The competition regulator in Kenya is probing the conduct of online food delivery and grocery platforms to inform its suggestions on regulatory and policy options, to bolster healthy competition, and enforcement of consumer protection. The probe follows complaints from consumers that they have been wrongfully charged for deliveries that never Reached their doorstep or that the quality of the food delivered was not up to standard.
A market inquiry by the Competition Authority of Kenya is likely to help the organization understand how data is used in digital markets, how customers are acquired, and how consumer protection issues should be addressed. The inquiry could also help the authority review if its regulatory framework can be applied in digital markets.
One potential issue that may arise with food delivery and grocery platforms is their impact on competition. For example, if there are a few large platforms that control an entire market, this could lead to reduced choice for consumers. Additionally, if platforms abuse their power by restricting or manipulating prices, this could also be harmful to consumers. In order to protect consumers and maintain fair competition, it may be necessary to regulate these platforms in some way.
One concern among the players in the Kenyan food delivery and grocery platforms business model is how they will compete with each other. The inquiry will identify players and services involved in this industry, look at their relationships with users, and assess the competition parameters (market power and conduct).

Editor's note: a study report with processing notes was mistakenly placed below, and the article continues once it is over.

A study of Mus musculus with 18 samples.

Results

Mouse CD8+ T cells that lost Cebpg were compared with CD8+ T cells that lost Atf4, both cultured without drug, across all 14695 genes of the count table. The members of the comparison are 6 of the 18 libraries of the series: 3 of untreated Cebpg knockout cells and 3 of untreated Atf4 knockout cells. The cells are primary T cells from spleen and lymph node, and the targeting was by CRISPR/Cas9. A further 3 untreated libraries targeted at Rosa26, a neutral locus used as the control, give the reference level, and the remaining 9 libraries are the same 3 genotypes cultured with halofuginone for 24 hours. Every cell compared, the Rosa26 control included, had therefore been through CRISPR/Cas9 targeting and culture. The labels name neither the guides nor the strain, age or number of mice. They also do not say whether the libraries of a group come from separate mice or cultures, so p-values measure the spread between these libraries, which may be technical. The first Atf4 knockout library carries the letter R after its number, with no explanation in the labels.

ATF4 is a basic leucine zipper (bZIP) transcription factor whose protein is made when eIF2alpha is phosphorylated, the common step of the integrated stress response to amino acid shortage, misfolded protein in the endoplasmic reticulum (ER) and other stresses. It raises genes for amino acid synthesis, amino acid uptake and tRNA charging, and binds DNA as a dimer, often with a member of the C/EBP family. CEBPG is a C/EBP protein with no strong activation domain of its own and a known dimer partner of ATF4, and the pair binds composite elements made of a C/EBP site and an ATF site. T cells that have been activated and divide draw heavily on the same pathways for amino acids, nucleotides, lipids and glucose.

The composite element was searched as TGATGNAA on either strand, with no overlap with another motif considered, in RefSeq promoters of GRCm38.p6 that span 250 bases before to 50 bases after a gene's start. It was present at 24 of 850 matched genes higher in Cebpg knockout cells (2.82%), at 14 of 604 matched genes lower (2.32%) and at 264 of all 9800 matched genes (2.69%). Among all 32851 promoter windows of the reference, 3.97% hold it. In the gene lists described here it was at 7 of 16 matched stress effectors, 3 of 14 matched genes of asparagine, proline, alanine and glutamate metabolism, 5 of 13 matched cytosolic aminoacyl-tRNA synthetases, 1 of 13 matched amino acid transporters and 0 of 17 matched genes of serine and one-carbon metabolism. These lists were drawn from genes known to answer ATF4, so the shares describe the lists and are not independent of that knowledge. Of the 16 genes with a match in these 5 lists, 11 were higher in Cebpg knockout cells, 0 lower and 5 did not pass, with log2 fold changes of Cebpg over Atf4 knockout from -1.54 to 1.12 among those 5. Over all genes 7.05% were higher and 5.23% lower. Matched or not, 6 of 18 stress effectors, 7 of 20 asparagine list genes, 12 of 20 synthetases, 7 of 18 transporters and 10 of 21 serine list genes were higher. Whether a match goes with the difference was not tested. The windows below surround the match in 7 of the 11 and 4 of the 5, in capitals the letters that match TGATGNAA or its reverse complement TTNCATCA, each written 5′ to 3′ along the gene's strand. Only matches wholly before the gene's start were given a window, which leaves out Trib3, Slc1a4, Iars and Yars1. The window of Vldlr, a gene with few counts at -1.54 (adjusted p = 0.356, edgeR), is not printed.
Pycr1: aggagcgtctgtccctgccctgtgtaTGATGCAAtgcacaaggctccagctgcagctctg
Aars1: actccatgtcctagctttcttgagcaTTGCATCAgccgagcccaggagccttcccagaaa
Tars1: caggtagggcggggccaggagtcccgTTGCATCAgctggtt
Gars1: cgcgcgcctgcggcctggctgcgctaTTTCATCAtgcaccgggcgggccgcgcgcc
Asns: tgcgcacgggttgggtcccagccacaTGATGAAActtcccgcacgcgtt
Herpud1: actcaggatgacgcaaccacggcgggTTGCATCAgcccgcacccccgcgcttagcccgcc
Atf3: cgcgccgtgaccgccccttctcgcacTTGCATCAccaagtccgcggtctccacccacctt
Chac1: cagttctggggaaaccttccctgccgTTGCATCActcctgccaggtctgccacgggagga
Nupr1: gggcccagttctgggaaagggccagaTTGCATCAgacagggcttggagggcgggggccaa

The regulator said that by understanding consumer protection concerns, it will be better placed to provide redress mechanisms for consumers shopping through the marketplaces. This will allow consumers to have their concerns addressed and hopefully receive a satisfactory solution.
Food delivery and groceries are becoming increasingly popular in Kenya as the internet and smartphone penetration continues to grow. Several online food delivery and groceries platforms, such as Uber, Jumia, Bolt, Glovo have emerged as major players in the Kenyan market. This growth is likely due to the uptake of services like online shopping and deliveries which make it easier for people to get their hands on food without having to leave their homes.
This coming together of African competition watchdogs is significant, as it signals the seriousness of concerns over the effects of global digital firms on competition and consumer welfare in Africa. The emphasis on transparency and scrutiny from these bodies could have a major impact on how these companies are perceived in Africa, and could play a role in encouraging greater competition among them.
The African Union (AU) is an organization composed of 54 member states located in Africa. The AU aims to ensure efficient enforcement of competition law and policy in digital markets, guaranteeing a competitive market and fostering the growth of African digital firms. The members of the AU include some of the most well-known economies on the continent, such as Egypt, Mauritius, Nigeria, South Africa, Morocco, Gambia and Zambia. Together these countries form one of the largest antitrust organizations on Earth with a combined economy size estimated at over $2 trillion.